There was a period during my time as Conservation Director when a topical blog would have been dominated by the issue of genetically modified (GM) crops.  Over the last two years they have hardly had a mention - although you may be interested in this piece of historical commentary.

But, I would imagine my successor may have to devote some time to this issue.  The emphasis on increasing production, rather than reducing consumption or waste, makes any new technology seem attractive if it promises the Earth.  The RSPB does not have a philosophical problem with GM technology per se - we don't see GM crops as being evil - but nor do we think that just because they are 'new' and 'scientific' then they are necessarily good.

I would love to see a GM crop ready for commercial release that delivered real yield benefits for farmers and real environmental benefits too.  I haven't seen one yet and they don't seem to be on the horizon either.

I wonder whether the development of GM crops that deliver great benefits for humankind is likely to derive from the commercial world or perhaps more likely from government-funded international collaboration.  As I understand it, Monsanto, Syngenta, Bayer et al. are there to make money rather than deliver wider public benefits.  If we believe that there is a real prospect that GM crops might significantly alleviate hunger then shouldn't their development be a suitable subject for government funding - perhaps from the international aid budget?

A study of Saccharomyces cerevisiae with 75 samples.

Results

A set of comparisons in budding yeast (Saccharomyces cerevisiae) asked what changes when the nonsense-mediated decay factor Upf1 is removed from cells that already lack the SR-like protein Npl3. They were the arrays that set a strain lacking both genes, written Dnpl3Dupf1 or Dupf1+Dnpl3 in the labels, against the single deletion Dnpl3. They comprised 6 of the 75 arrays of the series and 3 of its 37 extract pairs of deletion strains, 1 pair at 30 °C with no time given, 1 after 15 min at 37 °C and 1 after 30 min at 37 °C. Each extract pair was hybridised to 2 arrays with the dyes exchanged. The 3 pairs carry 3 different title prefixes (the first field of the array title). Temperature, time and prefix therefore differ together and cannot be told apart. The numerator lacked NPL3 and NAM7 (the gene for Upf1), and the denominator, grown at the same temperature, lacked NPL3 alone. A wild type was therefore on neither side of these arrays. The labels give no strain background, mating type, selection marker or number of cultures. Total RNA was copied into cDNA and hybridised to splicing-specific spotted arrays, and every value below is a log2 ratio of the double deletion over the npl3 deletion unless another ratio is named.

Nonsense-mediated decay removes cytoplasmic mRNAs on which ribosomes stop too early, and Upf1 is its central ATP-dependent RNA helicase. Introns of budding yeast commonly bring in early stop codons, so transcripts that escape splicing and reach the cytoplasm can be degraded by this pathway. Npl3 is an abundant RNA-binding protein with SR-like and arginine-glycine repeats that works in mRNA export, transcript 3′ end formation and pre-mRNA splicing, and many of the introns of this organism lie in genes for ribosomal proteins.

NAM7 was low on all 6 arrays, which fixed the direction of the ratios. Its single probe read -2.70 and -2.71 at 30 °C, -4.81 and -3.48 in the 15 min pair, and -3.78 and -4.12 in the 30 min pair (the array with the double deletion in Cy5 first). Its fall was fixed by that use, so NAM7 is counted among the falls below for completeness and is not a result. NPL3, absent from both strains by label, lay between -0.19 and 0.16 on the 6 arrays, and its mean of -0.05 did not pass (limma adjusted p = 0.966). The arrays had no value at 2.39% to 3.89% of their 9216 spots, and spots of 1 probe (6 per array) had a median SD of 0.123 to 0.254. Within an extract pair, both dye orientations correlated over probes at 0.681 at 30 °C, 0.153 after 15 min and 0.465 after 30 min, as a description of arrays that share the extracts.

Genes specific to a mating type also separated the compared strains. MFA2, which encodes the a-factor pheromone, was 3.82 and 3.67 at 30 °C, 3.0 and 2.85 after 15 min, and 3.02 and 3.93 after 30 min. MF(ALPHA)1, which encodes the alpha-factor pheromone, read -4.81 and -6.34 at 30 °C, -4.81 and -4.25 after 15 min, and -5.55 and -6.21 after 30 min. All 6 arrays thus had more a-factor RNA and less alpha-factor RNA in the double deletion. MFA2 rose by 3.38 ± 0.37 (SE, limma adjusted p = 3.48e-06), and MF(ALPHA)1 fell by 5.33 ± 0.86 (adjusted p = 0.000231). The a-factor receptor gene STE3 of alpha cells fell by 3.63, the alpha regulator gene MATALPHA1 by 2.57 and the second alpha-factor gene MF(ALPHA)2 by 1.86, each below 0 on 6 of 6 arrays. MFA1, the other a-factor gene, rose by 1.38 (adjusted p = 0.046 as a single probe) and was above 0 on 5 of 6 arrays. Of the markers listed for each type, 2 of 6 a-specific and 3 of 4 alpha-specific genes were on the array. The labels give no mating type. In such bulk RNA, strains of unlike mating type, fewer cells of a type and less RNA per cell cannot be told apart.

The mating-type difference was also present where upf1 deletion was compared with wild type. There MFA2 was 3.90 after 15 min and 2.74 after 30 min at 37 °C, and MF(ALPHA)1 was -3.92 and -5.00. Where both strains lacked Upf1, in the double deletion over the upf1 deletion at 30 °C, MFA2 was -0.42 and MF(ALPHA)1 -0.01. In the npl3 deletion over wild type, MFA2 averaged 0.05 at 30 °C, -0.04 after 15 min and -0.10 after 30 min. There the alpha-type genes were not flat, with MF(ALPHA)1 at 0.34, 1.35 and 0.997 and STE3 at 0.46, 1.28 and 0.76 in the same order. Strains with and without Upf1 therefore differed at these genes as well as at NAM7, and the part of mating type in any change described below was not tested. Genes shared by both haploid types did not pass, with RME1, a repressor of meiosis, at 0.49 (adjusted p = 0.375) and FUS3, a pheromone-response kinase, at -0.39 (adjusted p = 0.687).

Any GM crops should be closely tested before commercial release to assess their environmental impacts.  I think the environmental harm of GM crops has been exagerrated in the past but that doesn't mean that they are without danger in the future.

I can't help but feel that this subject will come back strongly in the next few years, clothed in the issue of food security and world hunger.  My advice would be to treat the predictions of environmental benignity with some scepticism (although not mindless hostility) and also treat the promises of high yields with some scepticism too.  However, it is the farmer who should beware that he (or she) isn't buying a poor crop, it is we the public who should beware that we are not allowing environmentally harmful crops to be grown in our countryside.



A love of the natural world demonstrates that a person is a cultured inhabitant of planet Earth.